2015-06-30 12:20

KEEP YOUR COOL, BERNIE: FIA president Jean Todt (right) wants F1 chief Bernie Ecclestone to keep any problems he has with the sport to himself and not air F1's dirty laundry. Image: AFP

LONDON, England - Jean Todt has urged Bernie Ecclestone to keep quiet about the sport's problems.

Ecclestone, the F1 supremo, has been the harshest critic of the sport's new turbo V6 era, calling the technology a "crappy product" in a recent interview.

In a joint interview with teen sensation Max Verstappen posted on the official F1 website, Ecclestone described the move to power units as "the most stupid thing that could have happened to F1".

'BE MORE POSITIVE'

FIA president Todt is quoted by the Guardian newspaper: "If he (Ecclestone) has some complaints, which may be right, it's something we should address internally and not make it public.

"All the credit and money he has got, he deserves it, but I would hope he will be more positive about the product."

It is often said that, in stark contrast to his former ruling alliance with Max Mosley, Ecclestone does not get along well with the more democratic, low-profile and 'hands off' Todt.

Todt said: "I know Bernie very well. I know he may tell you I am his best friend then five minutes later to somebody else I am the worst idiot he has met in his life. I live with that.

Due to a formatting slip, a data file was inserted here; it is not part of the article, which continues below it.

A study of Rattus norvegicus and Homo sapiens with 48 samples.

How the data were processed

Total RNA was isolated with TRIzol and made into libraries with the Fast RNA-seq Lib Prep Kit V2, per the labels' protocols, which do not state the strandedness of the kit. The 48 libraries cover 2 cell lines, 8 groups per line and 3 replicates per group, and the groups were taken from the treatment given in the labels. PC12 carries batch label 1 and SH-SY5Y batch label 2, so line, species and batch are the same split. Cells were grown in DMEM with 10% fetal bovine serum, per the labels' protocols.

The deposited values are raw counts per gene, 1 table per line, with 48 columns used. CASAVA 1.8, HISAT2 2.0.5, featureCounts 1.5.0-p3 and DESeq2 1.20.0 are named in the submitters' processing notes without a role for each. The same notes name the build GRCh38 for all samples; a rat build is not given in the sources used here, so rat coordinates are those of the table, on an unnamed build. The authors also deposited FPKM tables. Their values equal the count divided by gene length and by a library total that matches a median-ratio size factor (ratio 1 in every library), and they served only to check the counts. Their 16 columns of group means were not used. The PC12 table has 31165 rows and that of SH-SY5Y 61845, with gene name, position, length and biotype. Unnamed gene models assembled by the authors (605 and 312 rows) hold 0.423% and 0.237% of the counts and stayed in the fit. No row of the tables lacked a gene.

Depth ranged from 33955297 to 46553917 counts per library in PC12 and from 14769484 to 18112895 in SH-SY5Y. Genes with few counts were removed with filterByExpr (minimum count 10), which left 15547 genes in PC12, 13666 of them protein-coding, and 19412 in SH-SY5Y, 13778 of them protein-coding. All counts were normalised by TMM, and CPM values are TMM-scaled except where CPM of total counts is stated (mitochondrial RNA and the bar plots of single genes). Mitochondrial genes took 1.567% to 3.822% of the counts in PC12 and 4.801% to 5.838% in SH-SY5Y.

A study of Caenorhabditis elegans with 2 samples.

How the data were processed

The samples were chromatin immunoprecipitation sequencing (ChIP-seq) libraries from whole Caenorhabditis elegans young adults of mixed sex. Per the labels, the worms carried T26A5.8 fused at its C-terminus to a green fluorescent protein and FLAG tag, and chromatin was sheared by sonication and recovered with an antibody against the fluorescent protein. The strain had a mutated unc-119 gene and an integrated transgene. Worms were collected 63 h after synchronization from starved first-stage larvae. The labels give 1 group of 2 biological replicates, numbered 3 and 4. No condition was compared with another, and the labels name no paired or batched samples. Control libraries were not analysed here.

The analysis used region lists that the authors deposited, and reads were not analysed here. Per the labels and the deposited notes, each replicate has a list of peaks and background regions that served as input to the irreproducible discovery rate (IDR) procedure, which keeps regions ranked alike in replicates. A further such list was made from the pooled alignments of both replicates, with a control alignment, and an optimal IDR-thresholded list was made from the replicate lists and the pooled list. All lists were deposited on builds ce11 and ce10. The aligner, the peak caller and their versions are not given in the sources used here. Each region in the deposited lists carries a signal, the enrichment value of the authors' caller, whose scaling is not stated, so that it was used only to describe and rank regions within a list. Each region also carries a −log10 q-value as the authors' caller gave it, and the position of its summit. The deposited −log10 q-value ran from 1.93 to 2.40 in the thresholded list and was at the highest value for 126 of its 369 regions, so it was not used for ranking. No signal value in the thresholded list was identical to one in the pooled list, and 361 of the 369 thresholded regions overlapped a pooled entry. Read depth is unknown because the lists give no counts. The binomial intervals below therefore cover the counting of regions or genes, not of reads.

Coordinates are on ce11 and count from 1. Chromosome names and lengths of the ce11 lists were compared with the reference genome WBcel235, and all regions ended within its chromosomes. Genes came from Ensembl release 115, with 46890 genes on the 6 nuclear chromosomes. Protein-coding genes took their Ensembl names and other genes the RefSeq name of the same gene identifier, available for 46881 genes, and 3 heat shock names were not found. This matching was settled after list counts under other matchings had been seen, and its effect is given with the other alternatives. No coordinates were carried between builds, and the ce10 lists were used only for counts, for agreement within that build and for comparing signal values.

"If it is not constructive, you should not do it. But it is his style. "Do I intend to change him?  I don't intend to change him."

POWER UNIT WOES

Another thing Todt has no intention of changing is the 'power unit' technology Ecclestone so despises.

He is quoted by Spain's El Mundo Deportivo: "When these engines were first proposed, it was going to be four-cylinder and everyone said that would be a disaster.

"But Le Mans has just been won by Porsche with four-cylinder and I don't think anybody will argue about the value of the victory or Porsche's high technology."

He thinks the main problem with F1's hybrid era is "communication", but also acknowledged the units are "too expensive" for the sport's most struggling teams.